Victims' Families Need Closure - Ahern
Closure must be given to families of victims killed in collusion-linked
bombings and shootings before the General Election
expected in May or June, the Government said tonight.
Taoiseach Bertie Ahern and Foreign Affairs Minister Dermot
Ahern both met in
with seven groups affected by 1970s atrocities north
and south of the Border.
The relatives are calling for public inquiries and believe
their cases have been strengthened by last month's report
by Police Ombudsman Nuala O'Loan which revealed collusion
between the RUC and loyalist gunmen in several killings.
Mr Ahern said after today's 90-minute meeting: "The
Taoiseach indicated that he would like to deal with this
before the General Election."
It also emerged today that Sinn Fein is holding its first
meeting next week with PSNI Chief Constable Sir
Orde since it made the historic decision to back
The party is also holding a collusion conference in Dublin
on Saturday. Among those meeting the Taoiseach were relatives
of members of the
Showband, the 1975 Dundalk and Silverbridge bomb and
gun attacks, the Reavey and O'Dowd families who each
lost three family members in early 1976, and relatives
of the victims of bomb attacks in Castleblayney and
Keady in 1976.
The daughter of a man killed in the 1975 bombing of Dundalk
pub, Kay's Tavern, revealed that the incident still causes
her nightmares. Margaret English, daughter of
Watters, said she believes the case of her family has
been strengthened by the revelations in the Police
Ombudsman's recent report.
"It is shocking that the British government sent out agents
to kill my dad. I find that unbelievable," she said. Mrs
English also claimed that her family was badly treated by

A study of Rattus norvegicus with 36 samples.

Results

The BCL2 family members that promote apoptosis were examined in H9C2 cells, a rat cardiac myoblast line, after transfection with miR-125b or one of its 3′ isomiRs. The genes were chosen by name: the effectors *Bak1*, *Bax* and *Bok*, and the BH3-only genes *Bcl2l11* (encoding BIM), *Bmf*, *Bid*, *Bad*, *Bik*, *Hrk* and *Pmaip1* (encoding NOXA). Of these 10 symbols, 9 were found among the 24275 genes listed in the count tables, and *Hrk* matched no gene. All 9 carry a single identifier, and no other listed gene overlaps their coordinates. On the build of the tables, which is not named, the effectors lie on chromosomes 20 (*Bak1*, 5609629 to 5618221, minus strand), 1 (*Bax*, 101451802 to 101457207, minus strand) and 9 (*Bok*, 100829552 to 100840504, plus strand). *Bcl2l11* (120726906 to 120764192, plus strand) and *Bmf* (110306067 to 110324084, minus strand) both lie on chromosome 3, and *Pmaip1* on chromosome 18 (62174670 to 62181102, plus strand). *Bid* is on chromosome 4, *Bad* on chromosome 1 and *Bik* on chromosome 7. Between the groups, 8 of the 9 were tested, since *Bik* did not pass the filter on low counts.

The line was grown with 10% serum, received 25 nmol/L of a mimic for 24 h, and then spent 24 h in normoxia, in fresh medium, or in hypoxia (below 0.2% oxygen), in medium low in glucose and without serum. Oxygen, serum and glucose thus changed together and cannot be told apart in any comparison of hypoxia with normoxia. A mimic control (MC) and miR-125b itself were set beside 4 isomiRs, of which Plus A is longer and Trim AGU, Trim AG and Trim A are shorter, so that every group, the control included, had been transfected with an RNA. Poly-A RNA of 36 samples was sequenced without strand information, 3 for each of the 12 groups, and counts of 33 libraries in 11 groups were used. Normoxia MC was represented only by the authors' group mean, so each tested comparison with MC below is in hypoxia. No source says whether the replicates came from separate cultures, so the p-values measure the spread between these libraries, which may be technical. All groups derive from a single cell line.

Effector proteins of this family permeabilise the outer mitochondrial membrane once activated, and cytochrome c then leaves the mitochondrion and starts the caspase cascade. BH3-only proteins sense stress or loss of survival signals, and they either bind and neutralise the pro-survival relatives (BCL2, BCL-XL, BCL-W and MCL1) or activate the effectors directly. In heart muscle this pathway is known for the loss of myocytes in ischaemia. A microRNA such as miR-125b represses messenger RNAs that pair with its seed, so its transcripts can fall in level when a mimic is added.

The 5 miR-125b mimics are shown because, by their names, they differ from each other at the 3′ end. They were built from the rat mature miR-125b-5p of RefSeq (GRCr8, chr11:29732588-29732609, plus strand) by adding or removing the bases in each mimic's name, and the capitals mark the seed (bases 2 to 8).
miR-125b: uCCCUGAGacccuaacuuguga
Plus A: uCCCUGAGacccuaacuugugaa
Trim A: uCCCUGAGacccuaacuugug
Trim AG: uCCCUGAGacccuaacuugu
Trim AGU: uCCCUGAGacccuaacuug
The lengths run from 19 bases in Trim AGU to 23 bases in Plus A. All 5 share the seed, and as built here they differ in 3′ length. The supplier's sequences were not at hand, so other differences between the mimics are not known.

the Garda and the state over the incident, but added that
the Taoiseach apologised for this today.
She agreed that there should be a compensation scheme set
up for victims of collusion. "I still have nightmares. I
remember running around the streets looking for my dad.
There is a very human aspect. "At the time I was bitter but
my mother said to me if I was bitter I would kill myself
from the inside so I just shut everything out."
Mr Ahern said that the Government was waiting for a report
by barrister Patrick MacEntee on the
and Monaghan bombings — due on Tuesday.
Mr Ahern said: "He may ask for another extension, we hope
not but obviously that is a matter for him. If we get that
report in February, we will have to have a debate in the
Oireachtas and then decide what to do. "About 3,000 people
were killed in the Troubles and each of those families have
stories to tell.
"We are pushing the British very strongly on the need to
give comfort to these families in some way, it may not satisfy
everyone, but to draw a line under these cases once and
for all. "All of these cases are going to dog the peace process
and (British-Irish) relations forever if we don't deal
with them one way or another.
"There is a willingness to cooperate as much as possible.
If you look at the Bloody Sunday Inquiry, it has gone on
for nearly nine years and had half a billion pounds sterling
spent on it." He said the victims' families would be
consulted before any action was taken.